Scientists are becoming concerned that the Thwaites Glacier in Antarctica, considered the “most important” and “riskiest” glacier in the world and sometimes known as the “doomsday” glacier, may be melting at a faster rate, due to water at the base of the ice that is above the freezing point.
The glacier is the size of Britain or the U.S. state of Florida, contains enough water to raise see levels by half a metre, and “already accounts for 4% of world sea level rise each year—a huge figure for a single glacier,” the BBC reports. Different studies “have forecast its total collapse in a century and also in a few decades,” the New York Times adds. And “the presence of warm water in the grounding line,” where the glacier begins to spread out from bedrock to form ice shelves on the sea, “may support estimates at the faster range.”
That matters “because the Thwaites, along with the Pine Island Glacier and a number of smaller glaciers, acts as a brake on part of the much larger West Antarctic Ice Sheet,” the Times explains. “Together, the two bigger glaciers are currently holding back ice that, if melted, would raise the world’s oceans by more than a metre, or about four feet, over centuries, an amount that would put many coastal cities underwater.”
“Warm waters in this part of the world, as remote as they may seem, should serve as a warning to all of us about the potential dire changes to the planet brought about by climate change,” said David Holland, lead researcher with the five-year, US$50-million International Thwaites Glacier Collaboration, and director of New York University’s Environmental Fluid Dynamics Laboratory.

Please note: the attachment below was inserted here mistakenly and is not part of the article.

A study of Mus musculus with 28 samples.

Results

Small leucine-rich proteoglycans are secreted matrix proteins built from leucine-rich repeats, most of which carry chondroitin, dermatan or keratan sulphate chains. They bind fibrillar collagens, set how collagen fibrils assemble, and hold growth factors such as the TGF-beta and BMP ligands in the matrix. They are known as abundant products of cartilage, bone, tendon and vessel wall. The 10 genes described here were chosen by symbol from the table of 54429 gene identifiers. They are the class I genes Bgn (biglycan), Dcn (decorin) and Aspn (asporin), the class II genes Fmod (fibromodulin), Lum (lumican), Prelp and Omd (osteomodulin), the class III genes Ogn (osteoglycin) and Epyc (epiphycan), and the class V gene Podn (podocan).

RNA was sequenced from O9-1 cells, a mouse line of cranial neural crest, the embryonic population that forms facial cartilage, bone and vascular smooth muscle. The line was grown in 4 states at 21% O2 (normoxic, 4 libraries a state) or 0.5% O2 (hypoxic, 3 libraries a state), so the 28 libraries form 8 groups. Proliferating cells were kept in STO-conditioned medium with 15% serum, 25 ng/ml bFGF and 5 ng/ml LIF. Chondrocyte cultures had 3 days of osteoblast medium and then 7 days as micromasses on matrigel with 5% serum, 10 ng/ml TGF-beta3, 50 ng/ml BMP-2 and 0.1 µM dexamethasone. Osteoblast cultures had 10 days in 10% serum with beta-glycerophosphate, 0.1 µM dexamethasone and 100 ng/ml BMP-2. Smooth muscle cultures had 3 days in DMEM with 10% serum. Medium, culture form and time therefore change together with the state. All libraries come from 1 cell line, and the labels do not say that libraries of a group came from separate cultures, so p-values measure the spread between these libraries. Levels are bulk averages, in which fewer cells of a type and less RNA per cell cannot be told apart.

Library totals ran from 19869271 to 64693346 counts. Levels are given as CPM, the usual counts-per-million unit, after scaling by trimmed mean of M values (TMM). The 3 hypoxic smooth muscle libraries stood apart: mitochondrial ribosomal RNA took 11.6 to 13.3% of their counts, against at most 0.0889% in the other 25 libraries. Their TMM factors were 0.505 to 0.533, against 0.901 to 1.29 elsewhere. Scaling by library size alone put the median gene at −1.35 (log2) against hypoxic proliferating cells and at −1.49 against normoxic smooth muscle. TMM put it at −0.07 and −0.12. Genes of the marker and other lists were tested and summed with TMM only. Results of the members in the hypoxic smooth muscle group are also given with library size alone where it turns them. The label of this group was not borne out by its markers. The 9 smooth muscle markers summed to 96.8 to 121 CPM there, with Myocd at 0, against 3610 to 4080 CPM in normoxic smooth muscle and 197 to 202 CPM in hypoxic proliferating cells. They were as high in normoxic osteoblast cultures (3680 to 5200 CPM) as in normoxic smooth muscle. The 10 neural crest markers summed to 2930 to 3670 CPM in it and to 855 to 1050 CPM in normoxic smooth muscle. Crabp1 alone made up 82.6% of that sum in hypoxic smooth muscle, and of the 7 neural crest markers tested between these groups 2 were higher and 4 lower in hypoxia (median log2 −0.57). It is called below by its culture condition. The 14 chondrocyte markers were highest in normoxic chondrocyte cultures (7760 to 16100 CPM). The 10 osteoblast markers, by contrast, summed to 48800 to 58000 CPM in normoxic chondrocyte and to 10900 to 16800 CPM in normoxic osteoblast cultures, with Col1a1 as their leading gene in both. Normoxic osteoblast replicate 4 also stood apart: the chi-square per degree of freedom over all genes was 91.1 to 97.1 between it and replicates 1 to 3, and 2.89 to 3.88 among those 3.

“It certainly has a big impact on our U.S. coast and in many areas,” agreed researcher Twila Moon of the National Snow and Ice Data Center at the University of Colorado Boulder, who isn’t involved with the expedition. Moon added that human action is the biggest predictor of “how much ice we will lose and how quickly we will lose it”.
In a detailed post on the expedition, the BBC explains why scientists are only now conducting the first large-scale survey of the Thwaites. Chief environment correspondent Justin Rowlatt points to the weeks it takes researchers to get to their field camps, 1,000 miles from the latest Antarctic research station, in “the stormiest part of the world’s stormiest continent”.
However, “understanding what is happening here is essential for scientists to be able to predict future sea level rise accurately,” Rowlatt writes. Antarctica holds 90% of the world’s fresh water, and while 80% of that is in the more stable eastern part of the continent, Western Antarctica “is smaller but still huge, and is much more vulnerable to change. Unlike the east it doesn’t rest on high ground. In fact, virtually the whole bed is way below sea level. If it weren’t for the ice, it would be deep ocean with a few islands.”